What is child abuse

Ed Brayton wrote an open letter to Richard Dawkins after the, er, discussion at Pharyngula and Panda’s Thumb. Long story. There was a petition about religious indoctrination; Dawkins signed it; people had issues with the petition; P Z emailed Dawkins to raise the issues and ask if he really endorsed what the petition said; Dawkins said no, he didn’t, he hadn’t read the whole thing and it was a mistake to sign it, and he’d withdrawn his signature; Dawkins also posted on Ed Brayton’s post on the subject (but you have to scroll through some four million posts to find those from Dawkins). So Ed wrote this follow-up post, and a comment by Orac snagged my attention:

I keep asking myself the question: Why would Dawkins settle for such a tepid response to such an evil if he really, truly believes that religious indoctrination and labeling of children is often as harmful as child abuse?

My guess would be that it’s because it’s complicated: it is quite possible that religious indoctrination (at least in some cases) really is as harmful as child abuse, but also that it is harmful in a much subtler, more unobvious, long-term, invisible and intangible, difficult to demonstrate way than other kinds of child abuse are, and that that fact makes it pretty much impossible to interfere with the practice in general without being monstrously coercive and doing more harm than good. This also ties up with that ‘often’ – ‘that religious indoctrination and labeling of children is often as harmful as child abuse’ [emphasis added]. Often but not always. In short what we have is an opinion that religious indoctrination and labeling of children is often but not always as harmful as child abuse, and that religious indoctrination and labeling of children is often as harmful as child abuse but is not identical with child abuse; along with the fact that religious indoctrination and labeling of children, if and when harmful, will be harmful in much less self-evident ways than, say, beating. That constellation presents a problem. It’s an existing problem, and a real one – there are kinds of child abuse that are terribly harmful but are much much harder to detect, and thus do anything about, than physical abuse is. It’s a problem that is of its nature pretty much impossible to correct without massive totaliatrian intervention and/or surveillance – without some kind of social work system that would employ half the population, and be unworkable. In other words we all sort of know, though we don’t confront it or think about it much, that in fact there are huge numbers of children who are indeed abused but can’t be helped, because there is simply no workable way for anyone to know they are abused. There are parents who, accidentally or on purpose, mangle their children emotionally. It seems safe to guess that that’s not even rare. But how is anyone going to know that? And the same applies to religious indoctrination. I would say that certain kinds of abusive religious indoctrination – repeatedly telling a child she was going to hell to be tortured for eternity, for example – should be a reason for social workers to come calling. But it never will be, for the same reason that repeatedly telling a child she is stupid and ugly won’t be.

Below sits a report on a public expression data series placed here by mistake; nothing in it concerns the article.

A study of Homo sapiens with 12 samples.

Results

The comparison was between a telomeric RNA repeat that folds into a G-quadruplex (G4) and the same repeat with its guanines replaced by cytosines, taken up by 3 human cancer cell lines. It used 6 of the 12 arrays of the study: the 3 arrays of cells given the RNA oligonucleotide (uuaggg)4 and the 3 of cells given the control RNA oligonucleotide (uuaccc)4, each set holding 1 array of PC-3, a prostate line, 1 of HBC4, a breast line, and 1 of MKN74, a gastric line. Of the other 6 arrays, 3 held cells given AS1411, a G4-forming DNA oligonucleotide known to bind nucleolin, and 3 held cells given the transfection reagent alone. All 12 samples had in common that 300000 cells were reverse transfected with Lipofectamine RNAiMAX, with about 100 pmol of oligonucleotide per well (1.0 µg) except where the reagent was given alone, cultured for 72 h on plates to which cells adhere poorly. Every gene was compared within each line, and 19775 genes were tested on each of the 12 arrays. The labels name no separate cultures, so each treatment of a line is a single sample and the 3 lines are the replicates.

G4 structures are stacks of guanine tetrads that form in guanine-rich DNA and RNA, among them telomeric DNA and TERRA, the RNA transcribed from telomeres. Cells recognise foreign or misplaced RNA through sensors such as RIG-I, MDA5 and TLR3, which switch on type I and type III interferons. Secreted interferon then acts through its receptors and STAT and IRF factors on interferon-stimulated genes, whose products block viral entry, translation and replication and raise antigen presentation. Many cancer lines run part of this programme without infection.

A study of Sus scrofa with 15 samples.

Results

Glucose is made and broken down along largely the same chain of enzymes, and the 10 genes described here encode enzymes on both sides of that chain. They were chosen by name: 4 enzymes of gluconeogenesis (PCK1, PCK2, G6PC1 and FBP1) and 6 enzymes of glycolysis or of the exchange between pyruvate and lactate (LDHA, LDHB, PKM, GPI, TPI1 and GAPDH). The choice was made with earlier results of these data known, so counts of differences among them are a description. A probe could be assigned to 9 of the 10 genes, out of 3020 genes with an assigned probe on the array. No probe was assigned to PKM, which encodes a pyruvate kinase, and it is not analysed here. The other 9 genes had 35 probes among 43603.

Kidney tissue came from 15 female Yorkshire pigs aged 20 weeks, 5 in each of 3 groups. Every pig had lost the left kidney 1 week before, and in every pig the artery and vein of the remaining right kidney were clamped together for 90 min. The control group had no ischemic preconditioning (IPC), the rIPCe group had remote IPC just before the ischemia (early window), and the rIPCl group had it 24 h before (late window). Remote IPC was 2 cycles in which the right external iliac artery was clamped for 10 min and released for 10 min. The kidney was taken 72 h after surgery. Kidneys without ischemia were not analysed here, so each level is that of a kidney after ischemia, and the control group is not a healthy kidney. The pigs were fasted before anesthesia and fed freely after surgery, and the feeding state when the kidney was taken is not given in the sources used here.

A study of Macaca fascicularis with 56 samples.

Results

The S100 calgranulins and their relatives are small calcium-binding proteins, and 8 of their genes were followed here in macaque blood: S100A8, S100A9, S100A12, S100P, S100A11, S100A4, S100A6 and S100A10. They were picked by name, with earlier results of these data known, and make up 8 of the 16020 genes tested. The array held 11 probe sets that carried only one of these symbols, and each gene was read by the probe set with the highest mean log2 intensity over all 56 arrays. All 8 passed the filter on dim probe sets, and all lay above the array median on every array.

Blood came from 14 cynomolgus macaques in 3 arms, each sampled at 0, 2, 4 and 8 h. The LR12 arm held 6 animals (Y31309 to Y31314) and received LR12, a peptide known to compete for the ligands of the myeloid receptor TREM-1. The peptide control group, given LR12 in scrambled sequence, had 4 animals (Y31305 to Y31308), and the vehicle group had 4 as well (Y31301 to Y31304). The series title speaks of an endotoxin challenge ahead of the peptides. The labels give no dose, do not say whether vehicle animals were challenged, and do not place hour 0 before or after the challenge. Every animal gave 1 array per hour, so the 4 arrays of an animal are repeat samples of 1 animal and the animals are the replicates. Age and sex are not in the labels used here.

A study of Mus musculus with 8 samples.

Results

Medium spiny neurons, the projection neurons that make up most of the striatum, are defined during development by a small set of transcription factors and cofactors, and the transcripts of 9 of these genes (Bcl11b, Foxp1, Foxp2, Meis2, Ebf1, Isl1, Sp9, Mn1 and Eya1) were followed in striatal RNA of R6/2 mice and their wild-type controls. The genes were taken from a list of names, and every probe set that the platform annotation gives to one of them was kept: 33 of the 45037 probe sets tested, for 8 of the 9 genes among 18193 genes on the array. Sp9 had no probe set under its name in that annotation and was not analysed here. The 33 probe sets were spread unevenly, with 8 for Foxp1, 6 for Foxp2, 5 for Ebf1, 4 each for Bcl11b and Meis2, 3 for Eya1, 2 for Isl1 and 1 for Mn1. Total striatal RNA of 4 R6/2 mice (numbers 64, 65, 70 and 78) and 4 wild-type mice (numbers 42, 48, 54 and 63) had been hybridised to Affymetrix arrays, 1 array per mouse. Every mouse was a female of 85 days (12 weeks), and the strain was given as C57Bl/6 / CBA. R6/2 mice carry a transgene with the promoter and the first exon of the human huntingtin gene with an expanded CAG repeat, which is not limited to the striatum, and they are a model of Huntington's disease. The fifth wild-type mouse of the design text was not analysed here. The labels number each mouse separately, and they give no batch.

In other words, there’s a real problem, not a pseudo-problem. I think it’s wrong to think that Dawkins is just daft to say that religious indoctrination of children is often as harmful as child abuse, or that he’s mistaken in saying that and still saying that government intervention in the matter would be a horrible idea. He’s not being inconsistent, in my view, he’s simply recognizing that there are two evils and government surveillance of all families would be by far the worse of them. But that does not entail that the lesser evil is not an evil. It damn well is an evil. Every despised child who is fed and clothed enough and sent to school but is constantly told she is a worthless nuisance is an evil. Many problems of life can’t be fixed, but that doesn’t mean they’re not problems. It’s as well to be aware of that. Especially since some of them can be at least alleviated by education, by as Dawkins says consciousness raising, by changes in the culture, by altering the climate of opinion. There is growing awareness that emotional abuse is harmful; it seems probable that more people make an effort not to abuse their children that way than would have without that awareness; so the same could in principle be true of religion.